Obama’s Renditions: Short on Evidence, Long on Secrecy

Europeans Disappeared From Djibouti, Wind Up in US Custody

Disappeared into the hands of US interrogators on flimsy charges with little evidence, the “extraordinary rendition” was a centerpiece of the Bush Administration’s foreign policy, and was nominally ended by President Obama with an executive order just two days after taking office.

But it didn’t really end. The executive order shifted the policy somewhat, but it has continued apparently with even more secrecy inasmuch as the continued renditions have mostly escaped scrutiny.

As the US struggles to charge European detainees with “supporting al-Shabaab” based on little to no evidence, the question of how the US came by these detainees in the first place, renditioned from Djibouti and eventually showing up in some rubber-stamp court proceeding, shows that the policy is alive and well.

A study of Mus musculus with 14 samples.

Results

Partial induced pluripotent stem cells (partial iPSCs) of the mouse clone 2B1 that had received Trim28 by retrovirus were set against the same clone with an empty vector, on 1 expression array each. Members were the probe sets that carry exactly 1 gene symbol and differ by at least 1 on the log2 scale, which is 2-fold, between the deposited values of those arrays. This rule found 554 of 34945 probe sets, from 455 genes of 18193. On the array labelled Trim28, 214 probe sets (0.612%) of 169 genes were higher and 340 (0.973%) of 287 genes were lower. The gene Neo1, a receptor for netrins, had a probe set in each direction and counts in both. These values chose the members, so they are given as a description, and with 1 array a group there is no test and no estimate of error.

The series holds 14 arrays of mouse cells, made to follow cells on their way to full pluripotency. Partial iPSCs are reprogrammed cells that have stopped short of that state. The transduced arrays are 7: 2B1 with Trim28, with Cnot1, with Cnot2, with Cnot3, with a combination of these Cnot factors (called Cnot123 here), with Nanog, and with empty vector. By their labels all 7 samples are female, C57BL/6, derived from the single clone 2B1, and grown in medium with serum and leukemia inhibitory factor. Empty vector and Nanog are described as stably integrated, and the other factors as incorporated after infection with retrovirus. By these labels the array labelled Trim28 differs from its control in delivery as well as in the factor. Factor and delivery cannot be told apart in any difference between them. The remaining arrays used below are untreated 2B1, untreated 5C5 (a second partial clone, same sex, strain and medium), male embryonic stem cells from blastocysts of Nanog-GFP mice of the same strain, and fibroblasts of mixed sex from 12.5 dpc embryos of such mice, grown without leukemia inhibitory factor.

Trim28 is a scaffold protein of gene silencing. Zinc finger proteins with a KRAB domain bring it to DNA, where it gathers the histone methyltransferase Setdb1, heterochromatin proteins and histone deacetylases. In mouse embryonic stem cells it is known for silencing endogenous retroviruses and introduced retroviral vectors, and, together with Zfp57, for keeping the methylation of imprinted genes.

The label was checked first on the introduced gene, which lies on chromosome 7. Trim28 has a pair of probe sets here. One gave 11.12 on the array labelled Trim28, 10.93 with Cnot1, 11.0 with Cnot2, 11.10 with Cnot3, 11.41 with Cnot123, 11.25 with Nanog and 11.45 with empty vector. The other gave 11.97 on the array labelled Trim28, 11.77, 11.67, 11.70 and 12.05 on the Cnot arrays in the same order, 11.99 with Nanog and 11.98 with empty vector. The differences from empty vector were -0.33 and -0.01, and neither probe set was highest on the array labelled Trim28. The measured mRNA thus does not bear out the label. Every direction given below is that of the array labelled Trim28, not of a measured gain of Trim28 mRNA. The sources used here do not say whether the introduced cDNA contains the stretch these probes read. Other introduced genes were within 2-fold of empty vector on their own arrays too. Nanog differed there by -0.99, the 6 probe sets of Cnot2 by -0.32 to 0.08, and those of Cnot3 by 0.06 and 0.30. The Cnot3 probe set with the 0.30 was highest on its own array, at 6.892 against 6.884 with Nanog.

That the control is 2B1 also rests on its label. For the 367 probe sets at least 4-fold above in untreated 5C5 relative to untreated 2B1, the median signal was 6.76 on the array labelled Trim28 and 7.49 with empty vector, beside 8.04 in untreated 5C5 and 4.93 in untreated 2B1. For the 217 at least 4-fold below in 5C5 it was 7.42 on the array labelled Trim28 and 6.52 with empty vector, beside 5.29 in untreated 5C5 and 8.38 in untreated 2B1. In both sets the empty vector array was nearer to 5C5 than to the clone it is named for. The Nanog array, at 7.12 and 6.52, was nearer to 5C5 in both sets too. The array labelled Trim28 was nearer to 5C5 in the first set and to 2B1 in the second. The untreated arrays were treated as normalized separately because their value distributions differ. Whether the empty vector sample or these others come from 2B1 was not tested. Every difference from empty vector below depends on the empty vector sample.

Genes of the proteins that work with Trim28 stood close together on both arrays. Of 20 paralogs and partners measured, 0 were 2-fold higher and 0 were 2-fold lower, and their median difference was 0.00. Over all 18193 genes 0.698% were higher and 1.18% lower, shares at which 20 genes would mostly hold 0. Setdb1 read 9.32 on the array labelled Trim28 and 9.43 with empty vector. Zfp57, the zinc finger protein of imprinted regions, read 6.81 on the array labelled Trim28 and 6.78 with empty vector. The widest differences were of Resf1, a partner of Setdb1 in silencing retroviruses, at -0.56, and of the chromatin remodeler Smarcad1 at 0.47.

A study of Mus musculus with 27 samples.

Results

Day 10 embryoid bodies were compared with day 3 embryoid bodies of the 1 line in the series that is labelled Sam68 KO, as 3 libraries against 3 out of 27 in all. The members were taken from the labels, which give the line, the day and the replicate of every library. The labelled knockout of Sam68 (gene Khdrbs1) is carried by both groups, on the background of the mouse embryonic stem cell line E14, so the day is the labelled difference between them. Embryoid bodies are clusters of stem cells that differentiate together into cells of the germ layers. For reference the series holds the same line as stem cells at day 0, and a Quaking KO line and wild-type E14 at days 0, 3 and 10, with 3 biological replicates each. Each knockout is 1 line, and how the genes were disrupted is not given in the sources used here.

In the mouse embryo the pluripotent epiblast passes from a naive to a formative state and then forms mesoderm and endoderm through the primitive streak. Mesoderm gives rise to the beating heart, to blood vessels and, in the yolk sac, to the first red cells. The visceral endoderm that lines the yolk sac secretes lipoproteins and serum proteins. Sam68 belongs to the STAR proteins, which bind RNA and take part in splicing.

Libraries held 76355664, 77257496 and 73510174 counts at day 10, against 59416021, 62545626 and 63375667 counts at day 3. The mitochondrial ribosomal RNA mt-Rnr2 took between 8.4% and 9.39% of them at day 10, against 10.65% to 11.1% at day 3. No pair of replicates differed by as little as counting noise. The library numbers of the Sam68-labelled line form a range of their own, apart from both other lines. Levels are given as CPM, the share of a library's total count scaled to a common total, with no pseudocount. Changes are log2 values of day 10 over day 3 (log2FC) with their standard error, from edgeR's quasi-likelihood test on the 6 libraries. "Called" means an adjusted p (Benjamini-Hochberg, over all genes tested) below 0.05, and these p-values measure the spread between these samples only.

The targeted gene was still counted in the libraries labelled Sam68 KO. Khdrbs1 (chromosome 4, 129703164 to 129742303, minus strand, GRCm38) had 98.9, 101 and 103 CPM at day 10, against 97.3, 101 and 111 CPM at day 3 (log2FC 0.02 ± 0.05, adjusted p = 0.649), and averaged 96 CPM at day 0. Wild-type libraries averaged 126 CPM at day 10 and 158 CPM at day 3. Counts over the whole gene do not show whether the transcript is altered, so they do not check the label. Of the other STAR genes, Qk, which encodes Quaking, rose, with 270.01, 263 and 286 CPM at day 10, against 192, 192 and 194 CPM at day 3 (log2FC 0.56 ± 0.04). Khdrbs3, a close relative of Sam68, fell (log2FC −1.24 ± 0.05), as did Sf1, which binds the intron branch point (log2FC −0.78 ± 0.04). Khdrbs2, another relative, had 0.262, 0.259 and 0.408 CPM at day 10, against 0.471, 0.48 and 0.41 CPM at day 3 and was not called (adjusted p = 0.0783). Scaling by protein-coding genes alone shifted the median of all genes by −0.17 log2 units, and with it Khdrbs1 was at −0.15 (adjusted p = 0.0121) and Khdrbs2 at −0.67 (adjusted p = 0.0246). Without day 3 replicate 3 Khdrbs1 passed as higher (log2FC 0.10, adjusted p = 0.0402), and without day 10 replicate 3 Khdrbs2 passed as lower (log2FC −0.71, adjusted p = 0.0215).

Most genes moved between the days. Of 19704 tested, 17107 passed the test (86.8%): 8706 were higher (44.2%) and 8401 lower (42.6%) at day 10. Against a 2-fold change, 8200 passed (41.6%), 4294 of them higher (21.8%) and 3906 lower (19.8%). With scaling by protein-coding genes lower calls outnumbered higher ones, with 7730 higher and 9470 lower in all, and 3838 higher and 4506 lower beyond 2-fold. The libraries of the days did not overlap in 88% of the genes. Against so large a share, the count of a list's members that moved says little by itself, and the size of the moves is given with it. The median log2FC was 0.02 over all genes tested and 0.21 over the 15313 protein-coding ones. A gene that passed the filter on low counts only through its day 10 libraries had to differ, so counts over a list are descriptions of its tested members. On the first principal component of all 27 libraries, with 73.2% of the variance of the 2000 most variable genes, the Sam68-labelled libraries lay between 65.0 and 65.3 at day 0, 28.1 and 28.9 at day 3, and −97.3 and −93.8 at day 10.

Since the US lists al-Shabaab as a “terrorist organization,” they claim it is illegal for anyone to support them. Yet there seems no evidence any of the captives was a serious player in the group, and with no initial ties to the US it leaves one wondering where the line is, and if the US hopes to simply disappear the entire Somali rebel faction in the same manner.

Author: Jason Ditz

Jason Ditz is Senior Editor for Antiwar.com. He has 20 years of experience in foreign policy research and his work has appeared in The American Conservative, Responsible Statecraft, Forbes, Toronto Star, Minneapolis Star-Tribune, Providence Journal, Washington Times, and the Detroit Free Press.